Cargo Inspection: A Port Play

07/15/2005 12:00 am EST

Focus:

Mark Mowrey

Senior Analyst, Al Frank Asset Management

"One area where defense and homeland security spending has been lacking is port safety" says Mark Mowrey, in a recently launched tech-oriented newsletter from the top performing group at The Prudent Speculator. Here's their play on cargo inspection.

"According to the American Association of Port Authorities (AAPA), the US Department of Homeland Security made $141 million in grants available to ports for shoring up security, while a 2002 study by the Coast Guard estimates $5.4 billion would be needed over ten years to comply with new security regulations. One company looking to receive a portion of these funds is security systems manufacturer OSI Systems (OSIS NASDAQ). Its Rapidscan Systems division manufactures an array of person, baggage, and cargo inspection machines, and boasts 50,000 installed systems worldwide.

"To date, investments in cargo security have not produced the hoped-for results. According to port security advocacy group Coalition for Secure Ports, just 5.6% of inbound containers are inspected today using x-ray, gamma ray, or physical methods. Holding up the deployment of more inspection equipment has been the inability of Homeland Security to nail down a set of standards for the machines to be used both in the US and abroad. The lack of funding for broader security measures has also hampered the execution of broader detection endeavors.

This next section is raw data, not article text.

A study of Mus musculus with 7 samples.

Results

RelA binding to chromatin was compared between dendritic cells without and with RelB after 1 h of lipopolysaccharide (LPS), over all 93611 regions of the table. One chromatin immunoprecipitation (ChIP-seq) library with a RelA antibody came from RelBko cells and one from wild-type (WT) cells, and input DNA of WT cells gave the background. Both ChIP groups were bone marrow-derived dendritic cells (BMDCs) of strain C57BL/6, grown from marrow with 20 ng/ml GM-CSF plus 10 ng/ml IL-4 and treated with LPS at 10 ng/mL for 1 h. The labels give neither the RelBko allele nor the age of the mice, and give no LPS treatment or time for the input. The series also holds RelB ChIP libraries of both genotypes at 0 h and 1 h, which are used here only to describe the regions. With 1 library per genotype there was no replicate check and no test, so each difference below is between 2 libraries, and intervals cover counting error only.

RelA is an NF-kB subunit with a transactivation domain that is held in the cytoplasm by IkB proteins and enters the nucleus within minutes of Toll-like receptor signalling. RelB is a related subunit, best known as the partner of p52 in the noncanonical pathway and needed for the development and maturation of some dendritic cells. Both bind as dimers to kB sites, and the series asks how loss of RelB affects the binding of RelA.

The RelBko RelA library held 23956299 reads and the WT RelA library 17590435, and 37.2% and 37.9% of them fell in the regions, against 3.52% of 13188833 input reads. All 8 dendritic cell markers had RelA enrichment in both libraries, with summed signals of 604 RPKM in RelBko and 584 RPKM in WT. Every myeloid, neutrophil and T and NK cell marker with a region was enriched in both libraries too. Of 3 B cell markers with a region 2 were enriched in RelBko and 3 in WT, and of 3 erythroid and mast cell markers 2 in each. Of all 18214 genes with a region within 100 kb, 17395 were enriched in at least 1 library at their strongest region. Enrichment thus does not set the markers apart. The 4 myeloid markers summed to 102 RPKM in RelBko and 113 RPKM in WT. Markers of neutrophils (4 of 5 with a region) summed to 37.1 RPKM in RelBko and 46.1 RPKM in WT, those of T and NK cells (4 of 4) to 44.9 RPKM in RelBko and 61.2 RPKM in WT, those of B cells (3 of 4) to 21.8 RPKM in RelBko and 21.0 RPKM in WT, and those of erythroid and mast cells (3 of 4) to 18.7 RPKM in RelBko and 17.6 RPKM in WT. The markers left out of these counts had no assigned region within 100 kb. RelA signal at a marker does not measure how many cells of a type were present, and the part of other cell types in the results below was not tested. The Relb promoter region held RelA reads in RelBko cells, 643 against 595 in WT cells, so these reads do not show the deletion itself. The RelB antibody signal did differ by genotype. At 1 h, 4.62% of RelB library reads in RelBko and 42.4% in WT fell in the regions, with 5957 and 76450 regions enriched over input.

"Nonetheless, OSI remains committed to what it believes will be a growth market in cargo inspection. That's a lot of boxes to review. And OSI has some technologies that are unmatched by its competitors. In addition to more conventional x-ray and gamma ray detection equipment, OSI produces neutron-based scanners that can detect the presence of specific types of materials, such as drugs and explosives, inside a container. Used in conjunction with imaging devices, the tools should best help port inspectors ensure the safety of incoming cargo.

"Happily, the company has two other businesses, life sciences and opto-electronics, which are contributing to the top line. In fact, OSI's life sciences business is doing quite well, and should prove to be another base for long-term growth. Fiscal third-quarter revenue was $47.8 million. Growth from the $8.6 million generated in the prior quarter came almost entirely through the acquisition of patient monitoring systems maker Spacelabs. Going forward, the company targeting the $2 billion per year global patient monitoring market. We remain attracted to the long-term earnings potential of these businesses and continue to be buyers of OSI shares."